The story of Piave DOP cheese
The province of Belluno, the area of origin of Piave cheese, is the northernmost part of the Veneto region, wedged between Trentino Alto Adige to the north-west and Friuli to the east. A harsh and difficult mountain, where agriculture has, from time immemorial, expressed a natural vocation for dairy farming, given the difficulties in practising intensive farming typical of the plains.
Characterised by a harsh climate with abundant snowfall in winter and short, cool summers, the Belluno area is, also in terms of the character of its people, a typical Alpine environment, proud of its traditions, handed down over time through experience and stories.
The beginning of extensive dairy farming, especially with the Bruna Alpina breed of cows, coincided with the end of the intensive exploitation of the forests in the Belluno area, in correspondence with the decline of the Serenissima Republic of Venice, which then ruled most of today’s provincial territory.
The rearing of dairy cows by small landowners in the mountains and sharecroppers on the valley floor then became the most valid and natural production alternative for the fragile rural economy of Belluno, which had been overwhelmed by the crisis of the Serenissima Republic. In more recent times, from the end of the last century, with the birth of modern industry in the great nations of central Europe, the Belluno area, like many other mountainous areas of Italy, experienced a severe economic crisis which brought with it the phenomenon of emigration and the consequent depopulation of the territory. In response to the massive exodus and the dramatic social and economic decline that ensued, on 8 January 1872, in a valley in the province of Belluno named Canale d’Agordo, the local parish priest, Don Antonio Della Lucia, launched a brand-new form of solidarity-based management of the few resources provided by dairy farming: it was the first cooperative social dairy in the newly born Kingdom of Italy, known as a kasèl in the local Belluno dialect, or a “turnaria” dairy. The idea of bringing together the small farmers of the town to process the milk “in turns” (or shifts) at a single farm, thereby reducing production costs and increasing profits, became popular during those difficult years in every small town in the Belluno mountains. It made a decisive contribution to the birth of local dairy and cheese-making traditions and represented a valid form of employment as an alternative to the dramatic fate of emigration.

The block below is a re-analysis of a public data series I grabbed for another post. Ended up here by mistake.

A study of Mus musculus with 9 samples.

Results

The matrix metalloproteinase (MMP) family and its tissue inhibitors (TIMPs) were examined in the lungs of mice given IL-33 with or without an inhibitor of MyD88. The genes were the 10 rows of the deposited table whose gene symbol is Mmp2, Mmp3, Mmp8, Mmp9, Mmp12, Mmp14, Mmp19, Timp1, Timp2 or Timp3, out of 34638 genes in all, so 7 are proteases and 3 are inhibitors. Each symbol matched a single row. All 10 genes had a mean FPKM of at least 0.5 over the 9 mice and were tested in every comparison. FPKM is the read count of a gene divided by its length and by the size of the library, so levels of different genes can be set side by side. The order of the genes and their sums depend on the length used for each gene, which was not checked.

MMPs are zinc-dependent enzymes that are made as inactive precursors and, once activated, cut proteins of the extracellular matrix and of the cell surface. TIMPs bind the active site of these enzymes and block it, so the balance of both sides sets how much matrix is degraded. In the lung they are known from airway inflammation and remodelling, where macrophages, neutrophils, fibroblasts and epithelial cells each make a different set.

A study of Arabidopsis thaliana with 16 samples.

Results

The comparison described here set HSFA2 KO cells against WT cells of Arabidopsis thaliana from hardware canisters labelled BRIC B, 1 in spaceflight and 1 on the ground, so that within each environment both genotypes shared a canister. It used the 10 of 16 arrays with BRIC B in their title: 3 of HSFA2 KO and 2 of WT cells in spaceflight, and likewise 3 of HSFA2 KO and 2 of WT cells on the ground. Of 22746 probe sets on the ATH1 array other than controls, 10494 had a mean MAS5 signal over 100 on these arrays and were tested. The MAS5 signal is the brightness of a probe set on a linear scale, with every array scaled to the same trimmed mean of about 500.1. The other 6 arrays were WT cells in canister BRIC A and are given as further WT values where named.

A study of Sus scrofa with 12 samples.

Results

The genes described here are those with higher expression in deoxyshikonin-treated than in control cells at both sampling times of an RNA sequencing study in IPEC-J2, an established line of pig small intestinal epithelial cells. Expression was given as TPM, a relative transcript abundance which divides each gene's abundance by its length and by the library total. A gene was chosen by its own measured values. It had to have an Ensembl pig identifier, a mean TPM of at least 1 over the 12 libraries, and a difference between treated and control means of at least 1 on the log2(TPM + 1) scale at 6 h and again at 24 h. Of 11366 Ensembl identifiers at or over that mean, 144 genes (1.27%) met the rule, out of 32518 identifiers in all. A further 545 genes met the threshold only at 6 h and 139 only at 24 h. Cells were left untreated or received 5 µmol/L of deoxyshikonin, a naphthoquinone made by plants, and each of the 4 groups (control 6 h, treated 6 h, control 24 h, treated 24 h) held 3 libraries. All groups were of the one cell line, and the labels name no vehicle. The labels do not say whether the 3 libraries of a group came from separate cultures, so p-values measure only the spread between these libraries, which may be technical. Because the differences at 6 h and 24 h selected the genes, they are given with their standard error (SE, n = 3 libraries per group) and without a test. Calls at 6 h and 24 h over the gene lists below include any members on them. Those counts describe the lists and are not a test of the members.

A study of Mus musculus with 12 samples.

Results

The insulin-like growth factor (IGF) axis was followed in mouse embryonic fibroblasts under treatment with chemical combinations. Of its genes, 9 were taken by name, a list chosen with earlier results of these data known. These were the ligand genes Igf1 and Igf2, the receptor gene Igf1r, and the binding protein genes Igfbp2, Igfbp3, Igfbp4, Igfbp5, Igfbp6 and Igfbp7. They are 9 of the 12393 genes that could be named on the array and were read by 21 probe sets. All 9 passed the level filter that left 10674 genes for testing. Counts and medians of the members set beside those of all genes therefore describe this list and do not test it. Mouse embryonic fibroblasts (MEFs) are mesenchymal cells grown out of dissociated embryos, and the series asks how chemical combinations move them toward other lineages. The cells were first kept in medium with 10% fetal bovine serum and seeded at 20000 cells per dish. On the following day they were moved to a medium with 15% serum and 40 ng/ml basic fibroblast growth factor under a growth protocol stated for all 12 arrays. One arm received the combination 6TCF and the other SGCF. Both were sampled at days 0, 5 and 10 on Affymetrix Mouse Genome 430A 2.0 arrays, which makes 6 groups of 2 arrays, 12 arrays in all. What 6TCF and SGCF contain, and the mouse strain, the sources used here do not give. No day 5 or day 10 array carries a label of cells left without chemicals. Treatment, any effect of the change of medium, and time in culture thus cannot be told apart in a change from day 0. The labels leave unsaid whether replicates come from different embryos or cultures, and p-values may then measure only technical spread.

As time went by, especially after the Second World War, in line with the social and economic developments of the period, many of these small businesses suffered a decline and were forced to close. However, even today, in many towns in the mountains of the Belluno area, it is still possible to find memories of those first cooperative dairies, where butter and milky tasting fresh cheeses called “latteria”, or dairy cheeses, and cooked-paste cheeses destined for short and medium maturing were made.
In other cases, the local farmers reacted and, returning to form associations, extended the social base of the cooperative to include farmers from neighbouring villages, setting up larger cooperative dairies better capable of coping with the market imbalance between mountain and lowland agriculture.